Breastfeeding and Breast Cancer Blog

From breastfeeding to being diagnosed with breast cancer and then back to breastfeeding. This is an account of my experiences.

Friday, December 29, 2006

It's DCIS, You Need a Surgeon

I got the call just before the New Year's Holiday weekend.  You have an early cancer and you need a surgeon.  I was surprised and quickly moved into research mode.  I had her spell Ductal Carcinoma In Situ (DCIS) more than once.  I had just spent more time at the doctor's in the last two weeks than I had spent in the last four years probably!  The last thing I wanted to do was see more doctors, and a surgeon, that sounded like a terrible idea.  I wanted to get back to my life as a mom, wife, daughter and be done with this experiment.

Because it was a holiday weekend, I couldn't do anything in terms of setting up an appointment.  I sat in front of our computer and researched almost all day for three days.  I learned as much as I could about breast cancer and DCIS.  I quickly realized that DCIS doesn't usually present with a lump and that there was almost no information about breastfeeding and breast cancer.

Wednesday, December 27, 2006

It's Probably Nothing

That's what my doctor told me, but went ahead and scheduled a mammogram for me.

I couldn't imagine how this potentially 3-4 hour appointment was going to fit into my life. It actually fell on one of my mom's surgery dates.  I called and rescheduled.

Next, I had it scheduled for early December, but ended up with an intestinal bug and rescheduled again.

Finally, the week before Christmas, my husband had off and could accompany me and my still nursing toddler for the long day.

I ended up with an ultrasound, a mammogram, a fine needle biopsy of my tiny lump and a core needle biopsy of some suspicious clusters of microcalcifications. At each point I was reassured, it's probably nothing.

I got the call from the radiologist after my appointment.  The microcalcifications were nothing to be concerned about.  The fine needle biopsy from my lump was inconclusive.  She encouraged me to come back later, after the New Year, not to worry.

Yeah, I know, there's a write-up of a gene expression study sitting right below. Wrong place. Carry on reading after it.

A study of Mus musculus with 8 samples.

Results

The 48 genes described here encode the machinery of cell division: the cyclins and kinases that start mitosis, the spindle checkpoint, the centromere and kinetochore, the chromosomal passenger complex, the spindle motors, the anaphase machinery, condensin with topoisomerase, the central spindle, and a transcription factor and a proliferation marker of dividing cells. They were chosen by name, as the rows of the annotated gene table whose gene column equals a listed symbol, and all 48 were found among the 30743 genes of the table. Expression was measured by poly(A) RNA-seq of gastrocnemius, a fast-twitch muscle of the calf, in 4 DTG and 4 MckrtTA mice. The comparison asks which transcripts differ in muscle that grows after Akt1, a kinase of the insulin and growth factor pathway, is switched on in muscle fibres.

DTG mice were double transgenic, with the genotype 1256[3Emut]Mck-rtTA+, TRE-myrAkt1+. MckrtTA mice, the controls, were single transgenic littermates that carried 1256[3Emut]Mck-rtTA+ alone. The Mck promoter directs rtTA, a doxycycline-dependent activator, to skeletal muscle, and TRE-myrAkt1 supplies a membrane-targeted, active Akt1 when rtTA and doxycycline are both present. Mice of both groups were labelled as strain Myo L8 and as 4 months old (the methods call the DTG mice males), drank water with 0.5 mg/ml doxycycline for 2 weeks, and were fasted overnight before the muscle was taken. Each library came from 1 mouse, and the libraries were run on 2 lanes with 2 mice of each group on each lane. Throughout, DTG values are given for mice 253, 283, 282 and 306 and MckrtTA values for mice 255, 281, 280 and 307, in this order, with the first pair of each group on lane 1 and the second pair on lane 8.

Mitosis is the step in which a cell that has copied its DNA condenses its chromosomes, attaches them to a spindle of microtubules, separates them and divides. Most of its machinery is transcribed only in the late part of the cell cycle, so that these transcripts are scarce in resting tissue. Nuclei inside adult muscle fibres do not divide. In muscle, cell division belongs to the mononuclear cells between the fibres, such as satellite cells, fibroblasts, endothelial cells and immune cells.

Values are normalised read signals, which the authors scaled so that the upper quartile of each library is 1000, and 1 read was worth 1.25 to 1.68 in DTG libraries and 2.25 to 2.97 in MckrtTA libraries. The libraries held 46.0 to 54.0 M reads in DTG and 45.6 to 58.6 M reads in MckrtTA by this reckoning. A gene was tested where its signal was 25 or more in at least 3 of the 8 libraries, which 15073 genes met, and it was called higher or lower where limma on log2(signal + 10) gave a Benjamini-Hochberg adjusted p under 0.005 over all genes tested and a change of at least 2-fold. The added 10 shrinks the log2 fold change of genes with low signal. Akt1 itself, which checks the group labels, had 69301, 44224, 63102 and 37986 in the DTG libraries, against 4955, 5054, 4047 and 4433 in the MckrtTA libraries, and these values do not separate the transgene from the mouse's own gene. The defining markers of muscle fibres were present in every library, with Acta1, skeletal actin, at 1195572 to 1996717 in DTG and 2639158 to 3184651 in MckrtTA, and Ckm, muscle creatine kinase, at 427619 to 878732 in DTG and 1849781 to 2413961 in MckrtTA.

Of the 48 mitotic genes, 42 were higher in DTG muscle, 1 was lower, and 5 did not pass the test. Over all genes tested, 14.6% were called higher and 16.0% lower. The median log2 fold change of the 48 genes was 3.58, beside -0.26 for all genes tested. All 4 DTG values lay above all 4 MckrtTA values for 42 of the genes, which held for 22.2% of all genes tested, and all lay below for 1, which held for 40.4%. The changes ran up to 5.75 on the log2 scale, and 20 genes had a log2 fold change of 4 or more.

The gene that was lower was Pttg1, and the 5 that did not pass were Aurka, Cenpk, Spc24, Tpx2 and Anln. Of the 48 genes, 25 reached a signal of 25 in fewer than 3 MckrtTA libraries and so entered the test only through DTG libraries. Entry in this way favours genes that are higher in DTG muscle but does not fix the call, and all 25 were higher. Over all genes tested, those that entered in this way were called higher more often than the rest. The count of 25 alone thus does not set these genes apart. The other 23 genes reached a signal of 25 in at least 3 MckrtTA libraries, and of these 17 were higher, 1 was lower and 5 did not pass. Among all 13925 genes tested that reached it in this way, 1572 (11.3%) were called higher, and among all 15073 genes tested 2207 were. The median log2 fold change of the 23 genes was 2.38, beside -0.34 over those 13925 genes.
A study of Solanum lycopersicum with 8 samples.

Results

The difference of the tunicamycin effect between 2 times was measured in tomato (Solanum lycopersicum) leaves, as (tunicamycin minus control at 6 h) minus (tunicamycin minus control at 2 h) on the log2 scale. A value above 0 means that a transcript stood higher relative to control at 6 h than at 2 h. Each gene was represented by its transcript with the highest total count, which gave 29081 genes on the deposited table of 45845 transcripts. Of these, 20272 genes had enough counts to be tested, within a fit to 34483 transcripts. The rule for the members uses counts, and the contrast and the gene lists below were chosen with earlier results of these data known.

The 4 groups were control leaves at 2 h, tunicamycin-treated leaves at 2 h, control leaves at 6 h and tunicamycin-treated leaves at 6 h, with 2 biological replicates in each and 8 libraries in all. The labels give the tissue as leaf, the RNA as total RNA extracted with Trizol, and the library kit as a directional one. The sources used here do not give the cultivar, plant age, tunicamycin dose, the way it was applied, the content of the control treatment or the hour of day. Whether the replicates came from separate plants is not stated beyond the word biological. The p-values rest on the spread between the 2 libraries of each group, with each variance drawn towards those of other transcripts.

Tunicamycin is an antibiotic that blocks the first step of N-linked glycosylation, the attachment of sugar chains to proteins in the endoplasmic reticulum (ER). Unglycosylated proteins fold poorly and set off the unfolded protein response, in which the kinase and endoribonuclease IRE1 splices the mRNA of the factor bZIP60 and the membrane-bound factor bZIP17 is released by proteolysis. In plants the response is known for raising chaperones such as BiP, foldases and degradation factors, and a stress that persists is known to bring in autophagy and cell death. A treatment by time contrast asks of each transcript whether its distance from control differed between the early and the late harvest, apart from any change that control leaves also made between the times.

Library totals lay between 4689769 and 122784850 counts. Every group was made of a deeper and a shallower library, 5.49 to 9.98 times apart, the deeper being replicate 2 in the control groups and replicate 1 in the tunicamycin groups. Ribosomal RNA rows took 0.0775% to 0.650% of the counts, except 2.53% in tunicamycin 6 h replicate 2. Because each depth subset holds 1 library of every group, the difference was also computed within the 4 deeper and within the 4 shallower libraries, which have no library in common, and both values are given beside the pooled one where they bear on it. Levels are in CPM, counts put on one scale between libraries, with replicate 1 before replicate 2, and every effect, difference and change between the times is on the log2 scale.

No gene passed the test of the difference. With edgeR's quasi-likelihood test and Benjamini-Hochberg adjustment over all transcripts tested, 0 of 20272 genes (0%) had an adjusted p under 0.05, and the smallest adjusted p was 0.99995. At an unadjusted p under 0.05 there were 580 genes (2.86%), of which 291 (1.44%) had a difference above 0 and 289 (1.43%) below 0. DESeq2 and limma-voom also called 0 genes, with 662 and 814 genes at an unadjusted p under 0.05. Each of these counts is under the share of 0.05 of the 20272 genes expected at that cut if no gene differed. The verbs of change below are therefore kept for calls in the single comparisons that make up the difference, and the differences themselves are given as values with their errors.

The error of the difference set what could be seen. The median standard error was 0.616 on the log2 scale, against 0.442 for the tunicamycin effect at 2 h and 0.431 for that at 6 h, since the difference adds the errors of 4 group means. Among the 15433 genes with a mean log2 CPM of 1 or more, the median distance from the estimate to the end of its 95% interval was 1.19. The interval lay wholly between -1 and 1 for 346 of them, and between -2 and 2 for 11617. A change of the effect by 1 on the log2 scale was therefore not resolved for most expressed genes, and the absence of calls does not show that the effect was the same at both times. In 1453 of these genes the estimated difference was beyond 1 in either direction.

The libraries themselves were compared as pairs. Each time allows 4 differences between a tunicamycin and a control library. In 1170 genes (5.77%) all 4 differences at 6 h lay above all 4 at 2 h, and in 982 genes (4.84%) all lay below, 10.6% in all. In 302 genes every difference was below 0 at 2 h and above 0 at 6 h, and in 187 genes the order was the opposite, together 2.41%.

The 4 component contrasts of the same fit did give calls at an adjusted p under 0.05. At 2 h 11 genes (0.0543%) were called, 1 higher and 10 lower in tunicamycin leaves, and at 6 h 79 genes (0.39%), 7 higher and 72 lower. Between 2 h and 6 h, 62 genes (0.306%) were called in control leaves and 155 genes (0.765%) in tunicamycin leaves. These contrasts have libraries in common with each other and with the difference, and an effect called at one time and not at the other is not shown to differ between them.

Being that my husband was still on vacation and I figured it would all be easier, I went back right away.  I had a core needle biopsy of the lump area to be sent off for more testing.

After each of these uncomfortable tests, I was told that the next step was to bind my breasts.  Each day at the clinic I was regularly confronted with the fact that I am breastfeeding.  I nursed before each procedure as well as we could.  I was cautious about drugs they might offer me.  Even the angle and placement of each needle and core needle (gun like thing) was to preserve the breastfeeding relationship.  Finally I declined the binding.  I didn't want yet another breast problem to worry about.

Wednesday, October 25, 2006

The Lump

My life has changed from a pretty normal life of a stay a home mom to a new life. Each day I get my son off to school, get my toddler and myself ready for the day and head over to the hospital for the day. Once school is almost out, I race home to pick up my son. In the beginning, most evenings are spent back at the hospital.

It becomes an exhausting existence attempting to care for my own family and my broken parents. My sleeping patterns are not good. There is too much on my mind.

This night was particularly wakeful. My nursing toddler seemed to need me more than usual. As I awoke in the morning, my finger rested upon my right breast.  Somehow I touched this one spot and felt a tiny lump.  It reminded me of a dried pea.  As I had been a breastfeeding mother for almost seven years, I knew what was normal for my breasts. In addition I was a lactation counselor and felt like an expert. This small lump needed attention.

I called that morning and was given an 11:00am appointment. I told them it was perfect, I would stop by on my way to the hospital.

Monday, October 23, 2006

The Beginning

It's an average Sunday.  I'm sure I did some laundry, played with my kids, probably read some books, and checked my email.  These parts of the day I don't recall.  My children are ages 2 1/2, a girl and 6 1/2, a boy. At about seven in the evening, the phone rings. A woman identifies herself as a social worker at the hospital.  She informs me that my parents have been hit by a car and would like me to come to the hospital. My only question was, were they in a car?  The answer was simply no. I thanked her and hung up.

I called me sister and we decided we would both head over to the hospital to see what was up. My young two year old nursling would accompany me. 

At the hospital, it became clear that while the accident was not the worst case senario, it was far from the best. I met my sister in the hall and she looked upset. I asked if they were broken and bloody and she said yes;  we hugged. What I would later learn is that there had been a multiple car accident involving a missed red light.  The van which struck them was out of control.  My parents both had multiple broken bones, abrasions, and head wounds. It would be a long recovery.